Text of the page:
Robert Frank

January 5, 2012 - January 29, 2012

















































Robert Frank

Painkiller

Painkiller is an original exhibition of 48 Polaroid images by groundbreaking photographer Robert Frank taken from the 1970s through the present. Blue Sky closely collaborated with Frank in selecting photographs to be reproduced in a special series of enlarged prints for this show. Considered one of the most influential figures in the history of photography, Frank has redefined the aesthetic of both the still and the moving image via his pictures and films. Blue Sky is proud to present Frank’s work again in Portland, having first shown his photographs in 1981.

Robert Frank (b. 1924, Zurich) studied French for a year in 1940 at the Institut Jomini in Payerne, before beginning a series of apprenticeships and employment positions as a photographer’s assistant in Switzerland (1941-44).

Soon after his emigration to New York in 1947, Alexey Brodovitch hired Frank as a fashion photographer for Harper’s Bazaar. After receiving his first Guggenheim Fellowship in 1955, Frank embarked on a two-year trip across America during which he took over 28,000 pictures. Eighty-three of those images were ultimately published in Frank’s groundbreaking monograph The Americans. Frank’s unorthodox cropping, lighting, and sense of focus attracted criticism. His work, however, was not without supporters. Beat writers Jack Kerouac and Allen Ginsberg felt a kinship with Frank and his interest in documenting the fabric of contemporary society. Eventually “The Americans” jettisoned Frank into a position of cultural prominence; he became the spokesperson for a generation of visual artists, musicians, and literary figures both in the United States and abroad.

Interest in Frank’s work continues to grow. Recent exhibitions include “Robert Frank: HOLD STILL – Keep Going” originating at the Museum Folkwang, Essen, and traveling to the Reina Sofía in Madrid and the Centro Cultural de Belém in Lisbon (2000-01) and “Robert Frank: London/Wales” at the Corcoran Gallery of Art, Washington, D.C. (2003). In 2004 the Tate Modern in London organized “Robert Frank: Storylines,” showcasing over 150 of Frank’s prints and a program highlighting many of his films and video projects. The retrospective traveled to the Museu d’Art Contemporani in Barcelona and both the Fotomuseum and Fotostiftung Schweiz in Winterthur, Switzerland (2005). Most recent exhibitions include “Robert Frank: Paris”, which opened at the Museum Folkwang, Essen (April-July 2008), and traveled to the Museo di Fotografia Contemporanea, Milan (September-November 2008), the Jeu de Paume, Paris (January-March 2009), and the Nederlands Fotomuseum, Rotterdam (April-May 2009); “Looking In: Robert Frank’s The Americans” which opened at the National Gallery of Art, Washington in January 2009 and traveled to the San Francisco Museum of Modern Art (May-August) and the Metropolitan Museum of Art, New York (September-December), and “Robert Frank,” Pace/MacGill Gallery, New York, NY, October-December 2009.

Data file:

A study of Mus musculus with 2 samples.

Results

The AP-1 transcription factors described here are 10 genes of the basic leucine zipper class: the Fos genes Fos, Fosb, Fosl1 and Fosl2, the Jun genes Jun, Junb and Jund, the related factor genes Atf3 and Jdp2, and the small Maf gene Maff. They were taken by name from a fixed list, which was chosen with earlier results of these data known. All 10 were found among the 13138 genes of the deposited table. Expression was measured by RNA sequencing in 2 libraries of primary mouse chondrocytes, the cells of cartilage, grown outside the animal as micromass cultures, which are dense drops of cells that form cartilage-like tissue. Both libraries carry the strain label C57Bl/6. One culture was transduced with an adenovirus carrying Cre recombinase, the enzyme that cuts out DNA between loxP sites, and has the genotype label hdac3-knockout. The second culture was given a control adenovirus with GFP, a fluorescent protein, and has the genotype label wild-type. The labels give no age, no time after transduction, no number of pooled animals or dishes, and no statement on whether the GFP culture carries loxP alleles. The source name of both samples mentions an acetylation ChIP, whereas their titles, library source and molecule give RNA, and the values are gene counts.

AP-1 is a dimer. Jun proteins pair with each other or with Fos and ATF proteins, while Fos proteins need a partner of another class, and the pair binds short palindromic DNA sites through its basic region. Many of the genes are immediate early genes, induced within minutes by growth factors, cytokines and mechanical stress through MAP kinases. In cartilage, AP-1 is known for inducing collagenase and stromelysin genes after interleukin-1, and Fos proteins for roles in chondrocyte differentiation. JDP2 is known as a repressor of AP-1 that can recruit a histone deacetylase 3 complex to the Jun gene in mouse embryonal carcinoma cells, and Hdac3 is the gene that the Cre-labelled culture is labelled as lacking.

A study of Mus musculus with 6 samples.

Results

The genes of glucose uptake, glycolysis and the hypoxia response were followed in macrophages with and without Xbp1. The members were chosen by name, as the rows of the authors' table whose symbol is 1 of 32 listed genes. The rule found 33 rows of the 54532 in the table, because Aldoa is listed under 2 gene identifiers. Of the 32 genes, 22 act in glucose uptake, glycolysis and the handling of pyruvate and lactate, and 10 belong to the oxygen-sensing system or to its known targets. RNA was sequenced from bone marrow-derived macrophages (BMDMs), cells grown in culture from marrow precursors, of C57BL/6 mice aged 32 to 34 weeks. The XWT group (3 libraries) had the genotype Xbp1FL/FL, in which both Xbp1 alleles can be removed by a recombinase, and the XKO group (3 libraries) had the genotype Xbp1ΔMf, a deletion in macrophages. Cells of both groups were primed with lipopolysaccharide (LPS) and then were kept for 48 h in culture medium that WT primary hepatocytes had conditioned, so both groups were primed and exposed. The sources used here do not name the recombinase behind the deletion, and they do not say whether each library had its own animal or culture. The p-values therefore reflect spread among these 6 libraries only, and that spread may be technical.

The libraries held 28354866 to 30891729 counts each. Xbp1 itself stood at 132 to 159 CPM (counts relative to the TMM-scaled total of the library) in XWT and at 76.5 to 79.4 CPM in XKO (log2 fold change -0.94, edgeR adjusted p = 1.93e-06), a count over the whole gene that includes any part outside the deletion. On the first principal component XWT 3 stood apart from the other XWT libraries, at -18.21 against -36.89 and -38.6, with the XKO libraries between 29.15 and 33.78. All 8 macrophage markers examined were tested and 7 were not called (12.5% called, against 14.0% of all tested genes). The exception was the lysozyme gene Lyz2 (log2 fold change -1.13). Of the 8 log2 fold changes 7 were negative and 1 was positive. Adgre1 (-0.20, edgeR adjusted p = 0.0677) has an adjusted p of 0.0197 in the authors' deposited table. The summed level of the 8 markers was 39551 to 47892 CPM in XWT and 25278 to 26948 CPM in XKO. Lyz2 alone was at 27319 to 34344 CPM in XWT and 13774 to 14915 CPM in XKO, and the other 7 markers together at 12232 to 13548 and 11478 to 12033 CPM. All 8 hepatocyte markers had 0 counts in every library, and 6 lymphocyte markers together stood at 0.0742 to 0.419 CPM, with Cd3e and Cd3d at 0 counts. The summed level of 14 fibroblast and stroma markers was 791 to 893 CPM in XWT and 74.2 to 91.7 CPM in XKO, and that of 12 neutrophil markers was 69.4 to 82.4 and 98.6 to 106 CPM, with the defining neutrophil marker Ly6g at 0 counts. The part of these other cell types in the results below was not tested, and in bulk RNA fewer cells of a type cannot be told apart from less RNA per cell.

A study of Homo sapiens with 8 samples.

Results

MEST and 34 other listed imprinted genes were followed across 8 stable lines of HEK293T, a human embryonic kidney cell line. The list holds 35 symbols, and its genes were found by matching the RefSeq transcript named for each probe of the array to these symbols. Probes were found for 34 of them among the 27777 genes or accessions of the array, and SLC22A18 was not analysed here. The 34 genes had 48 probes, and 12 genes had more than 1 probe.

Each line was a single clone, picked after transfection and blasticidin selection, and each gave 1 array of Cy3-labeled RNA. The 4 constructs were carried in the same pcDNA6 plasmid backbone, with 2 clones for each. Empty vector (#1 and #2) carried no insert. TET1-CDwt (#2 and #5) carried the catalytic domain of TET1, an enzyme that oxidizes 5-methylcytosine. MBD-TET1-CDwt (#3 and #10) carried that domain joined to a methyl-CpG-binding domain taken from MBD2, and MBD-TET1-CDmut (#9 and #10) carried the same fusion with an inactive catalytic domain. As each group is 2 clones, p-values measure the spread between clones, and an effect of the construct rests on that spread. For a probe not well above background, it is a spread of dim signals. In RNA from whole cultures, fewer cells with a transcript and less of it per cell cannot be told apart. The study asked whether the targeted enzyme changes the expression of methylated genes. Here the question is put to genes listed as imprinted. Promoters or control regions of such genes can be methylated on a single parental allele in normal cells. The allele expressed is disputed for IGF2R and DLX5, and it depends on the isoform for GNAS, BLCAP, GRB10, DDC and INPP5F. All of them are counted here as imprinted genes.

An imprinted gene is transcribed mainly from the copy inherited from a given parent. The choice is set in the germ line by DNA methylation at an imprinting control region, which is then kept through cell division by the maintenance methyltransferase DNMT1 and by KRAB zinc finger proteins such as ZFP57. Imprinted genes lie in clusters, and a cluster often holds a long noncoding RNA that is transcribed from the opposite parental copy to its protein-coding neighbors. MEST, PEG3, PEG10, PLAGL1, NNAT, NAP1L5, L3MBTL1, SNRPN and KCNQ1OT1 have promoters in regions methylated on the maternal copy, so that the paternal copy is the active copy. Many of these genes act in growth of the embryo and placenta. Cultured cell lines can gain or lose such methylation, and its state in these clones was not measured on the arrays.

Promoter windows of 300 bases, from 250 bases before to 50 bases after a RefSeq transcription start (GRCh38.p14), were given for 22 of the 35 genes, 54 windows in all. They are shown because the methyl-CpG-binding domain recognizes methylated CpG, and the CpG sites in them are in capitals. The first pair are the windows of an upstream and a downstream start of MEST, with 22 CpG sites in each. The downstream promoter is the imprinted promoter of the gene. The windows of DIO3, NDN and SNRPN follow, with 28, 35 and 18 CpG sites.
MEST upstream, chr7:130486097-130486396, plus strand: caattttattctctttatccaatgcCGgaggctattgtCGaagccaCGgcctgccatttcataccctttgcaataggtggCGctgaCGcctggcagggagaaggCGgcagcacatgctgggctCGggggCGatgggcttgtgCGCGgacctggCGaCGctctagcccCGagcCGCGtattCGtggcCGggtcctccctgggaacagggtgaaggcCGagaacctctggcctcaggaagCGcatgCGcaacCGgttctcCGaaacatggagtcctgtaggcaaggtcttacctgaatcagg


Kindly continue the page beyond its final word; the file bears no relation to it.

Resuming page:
Frank is the recipient of many honors, including two Guggenheim Fellowships, the first awarded to a European photographer (1955, 1956); an American Film Institute grant (1970-71); the Deutsche Gesellschaft für Photographie Erich Salomon Prize (1985); the Friends of Photography Peer Award for a Distinguished Career in Photography (1987); the Hasselblad Foundation International Award in Photography (1996); the International Center of Photography Cornell Capa Infinity Award (2000); an honorary Ph.D. from the University of Göteborg (1999); and the Edward MacDowell Medal (2002). His work can be found in collections worldwide, including the Art Institute of Chicago; the Corcoran Gallery of Art, Washington, D.C.; the Detroit Institute of Arts; Fotomuseum Winterthur, Switzerland; the George Eastman House, Rochester; Maison Européene de la Photographie, Paris; the Metropolitan Museum of Art, New York; the Museum Folkwang, Essen, Germany; the Museum of Modern Art, New York; the National Gallery of Art, Washington, D.C.; the National Gallery of Canada, Ottawa; the Philadelphia Museum of Art; the San Francisco Museum of Modern Art; Stiftung fur die Photographie, Kunsthaus, Zurich; the Tate Modern, London; the Victoria and Albert Museum, London; and the Whitney Museum of American Art, New York. In 1990 the National Gallery of Art in Washington, D.C., established the Robert Frank Collection.

Monographs of Frank’s work include The Americans (1958, 1959); New York to Nova Scotia (1986); Lines of My Hand (1989); Black White and Things (1993); Moving Out (1994); Thank You (1996); Flamingo (1996); HOLD STILL . . . Keep Going (2001); Frank Films: the film and video work of robert frank (2003); London/Wales (2003); and Storylines (2004). His films include Pull My Daisy (1959); The Sin of Jesus (1961); OK End Here (1963); Chappaqua (1964-66); Me and My Brother (1965-68); Conversations in Vermont (1969); Liferaft Earth (1969); About Me: A Musical (1971); Cocksucker Blues (1972); Keep Busy (1975); Life Dances On . . . (1980); Energy and How to Get It (1981); This Song for Jack (1983); Home Improvements (1985); Candy Mountain (1987); Hunter (1989); One Hour (1990); Last Supper (1992); Moving Pictures (1994); Flamingo (1997); The Present (1998); I Remember (1998); Sanyu (1999); Paper Route (2002); and True Story (2004).

Frank lives and works in New York City and Nova Scotia.